Alien Intervention: Top 5 Theories On the Origins of Life That Aren’t Darwinism or Creationism

We might not yet know for certain where we came from or how life on Earth had begun in the first place, but throughout history, there have been many theories. The most widely accepted theories are Darwin’s theory of evolution and Creationism. That’s not to say, however, that there haven’t been others. Below you can find five examples of theories about the origins of life on Earth.



 

An artists depiction of a world beyond our Solar System

An artists depiction of a world beyond our Solar System, via space.com

A recent study implies that life on Earth began as a result of “organic molecular cocktails” spreading throughout the stars, and some of them ending up on Earth and taking root in the habitable environment. The seeds could’ve been carried via comets or asteroids. Researchers are comparing this notion to an epidemic – life infecting the galaxies, so to speak.

This theory is, as of yet, neither confirmed not disproven, so it’s quite possible that the truth is indeed out there. If it is, it can serve as the official confirmation that we aren’t alone in the Universe!

Catastrophism

A painting depicts an asteroid slamming into the Yucatan Peninsula approximately 65 million years ago. The asteroid wiped out the dinosaurs and paved the way for mammals to dominate

A painting depicts an asteroid slamming into the Yucatan Peninsula approximately 65 million years ago. The asteroid wiped out the dinosaurs and paved the way for mammals to dominate, Source: reuters.com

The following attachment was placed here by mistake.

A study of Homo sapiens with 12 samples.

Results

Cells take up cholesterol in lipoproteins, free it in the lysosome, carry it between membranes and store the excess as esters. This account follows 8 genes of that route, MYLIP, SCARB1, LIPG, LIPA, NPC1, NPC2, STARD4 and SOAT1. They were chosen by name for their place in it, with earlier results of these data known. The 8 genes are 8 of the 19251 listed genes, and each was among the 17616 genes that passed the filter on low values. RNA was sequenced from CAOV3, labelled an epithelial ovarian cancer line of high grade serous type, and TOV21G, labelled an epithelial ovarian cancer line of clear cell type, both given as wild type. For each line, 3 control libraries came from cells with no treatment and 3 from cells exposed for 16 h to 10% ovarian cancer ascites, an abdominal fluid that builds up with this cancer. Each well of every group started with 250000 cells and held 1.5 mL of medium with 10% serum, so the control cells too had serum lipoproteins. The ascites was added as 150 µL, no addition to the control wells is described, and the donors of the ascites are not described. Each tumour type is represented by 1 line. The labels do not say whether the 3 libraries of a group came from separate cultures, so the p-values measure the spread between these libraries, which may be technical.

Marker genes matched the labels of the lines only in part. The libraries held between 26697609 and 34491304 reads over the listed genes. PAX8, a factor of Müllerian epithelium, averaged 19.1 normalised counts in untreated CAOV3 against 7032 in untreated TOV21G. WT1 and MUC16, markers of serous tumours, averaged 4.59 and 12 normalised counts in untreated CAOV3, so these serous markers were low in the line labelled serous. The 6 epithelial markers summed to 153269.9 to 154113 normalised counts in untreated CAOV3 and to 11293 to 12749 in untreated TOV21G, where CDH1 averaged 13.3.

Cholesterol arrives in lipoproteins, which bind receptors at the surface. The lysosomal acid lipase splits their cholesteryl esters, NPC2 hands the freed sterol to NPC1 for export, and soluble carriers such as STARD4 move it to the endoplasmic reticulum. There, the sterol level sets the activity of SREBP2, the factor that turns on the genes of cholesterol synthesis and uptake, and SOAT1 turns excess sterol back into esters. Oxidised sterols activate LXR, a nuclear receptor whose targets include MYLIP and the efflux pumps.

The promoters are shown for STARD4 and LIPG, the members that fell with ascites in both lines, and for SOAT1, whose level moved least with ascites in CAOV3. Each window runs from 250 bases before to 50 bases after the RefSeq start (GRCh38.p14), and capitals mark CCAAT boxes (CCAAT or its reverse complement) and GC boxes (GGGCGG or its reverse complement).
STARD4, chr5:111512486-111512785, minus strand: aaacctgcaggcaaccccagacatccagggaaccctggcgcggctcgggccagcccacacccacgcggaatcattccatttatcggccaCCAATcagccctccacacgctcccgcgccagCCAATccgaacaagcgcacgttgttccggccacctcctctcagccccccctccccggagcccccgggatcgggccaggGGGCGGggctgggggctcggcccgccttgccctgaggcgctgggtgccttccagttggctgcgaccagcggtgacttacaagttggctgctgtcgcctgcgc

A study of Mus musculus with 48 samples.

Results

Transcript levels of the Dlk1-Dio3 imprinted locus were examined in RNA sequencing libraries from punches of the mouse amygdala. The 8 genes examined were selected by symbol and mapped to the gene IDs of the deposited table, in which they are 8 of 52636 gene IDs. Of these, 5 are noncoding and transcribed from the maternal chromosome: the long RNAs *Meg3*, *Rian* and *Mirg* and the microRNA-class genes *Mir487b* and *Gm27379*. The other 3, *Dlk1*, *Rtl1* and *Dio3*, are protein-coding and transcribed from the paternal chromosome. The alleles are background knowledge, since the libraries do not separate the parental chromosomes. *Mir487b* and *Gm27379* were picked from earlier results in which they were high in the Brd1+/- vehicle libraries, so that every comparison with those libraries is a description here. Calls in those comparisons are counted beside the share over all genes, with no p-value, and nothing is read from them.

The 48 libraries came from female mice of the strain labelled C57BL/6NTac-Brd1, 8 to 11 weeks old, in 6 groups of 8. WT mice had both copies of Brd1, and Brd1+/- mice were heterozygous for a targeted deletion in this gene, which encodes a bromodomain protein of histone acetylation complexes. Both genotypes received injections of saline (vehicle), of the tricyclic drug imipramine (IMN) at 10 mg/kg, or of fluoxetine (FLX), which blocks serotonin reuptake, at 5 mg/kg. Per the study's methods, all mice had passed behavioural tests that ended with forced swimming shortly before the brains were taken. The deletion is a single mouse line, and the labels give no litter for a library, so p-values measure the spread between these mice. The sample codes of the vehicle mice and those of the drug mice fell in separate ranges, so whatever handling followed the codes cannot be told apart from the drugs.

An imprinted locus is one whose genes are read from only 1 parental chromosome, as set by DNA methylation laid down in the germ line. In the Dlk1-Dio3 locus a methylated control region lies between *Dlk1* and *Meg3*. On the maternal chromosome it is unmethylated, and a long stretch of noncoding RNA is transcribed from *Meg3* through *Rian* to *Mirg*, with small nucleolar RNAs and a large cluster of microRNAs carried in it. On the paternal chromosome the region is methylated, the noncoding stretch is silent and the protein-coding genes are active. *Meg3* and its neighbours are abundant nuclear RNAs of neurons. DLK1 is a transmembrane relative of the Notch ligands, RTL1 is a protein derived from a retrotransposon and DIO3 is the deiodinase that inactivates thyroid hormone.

The essence of the theory of consecutive creations, or catastrophism that originated in France in the 1800s is that the Earth has previously suffered a series of catastrophic events, each of which destroyed the existing life, thereby giving another form of life a chance to develop. If we consider this theory to have some merit, then it carries strong implications that there will be another series of catastrophic events on the Earth soon, if it’s not already happening. This idea that’s quite similar to “The Butterfly Effect” theory predates the theory of evolution, which is not on this list.

Clay

DNA Molecule

DNA Molecule, via pixabay

This Richard Dawkins-approved theory claims that the organic molecules have formed from the non-organic ones, particularly silicate crystals. The theory originated in the 1980s in Scotland and it kind of goes hand in hand with the DNA’s function of information storage. According to the theory developed by organic chemist Alexander Cairns-Smith, the non-organic clay molecules have arranged the organic ones into certain patterns, and after a while, organic molecules began to organise themselves into DNA patterns that we know today.

Panspermia

Asteroid Impact

Asteroid Impact, Credits: science20.com

Another theory that supports the notion that we have the outer space to thank for existing. Panspermia’s notion is that life is distributed throughout space and time through meteoroids, asteroids and planetoids. The bacteria carried by them, while mostly dormant, are extremely adaptable and if presented with the ideal conditions, they awaken and the evolution process begins.

While this theory, together with the aliens theory, provide a somewhat reasonable explanation for how life began on Earth, it doesn’t really explain how it began in outer space and therefore poses even more questions for scientists.

Spontaneous Generation

According to this theory, shelled molluscs are characterized by forming by spontaneous generation in mud

According to this theory, shelled molluscs are characterized by forming by spontaneous generation in mud, Credits: Wikimedia

This is probably the oldest theory on the list – some even claim that it began with Aristotle. The philosopher was a keen observer of nature, which helped him conclude that living matter generated from non-living matter (like mice from rotting hay). The theory had stood the test of time for over 1500 years until it was ultimately disproven by microbiologist and chemist Louis Pasteur in the 19th century. He managed to prove that microorganisms couldn’t develop in vacuum, which earned him the Alhumbert Prize of the French Academy of Sciences.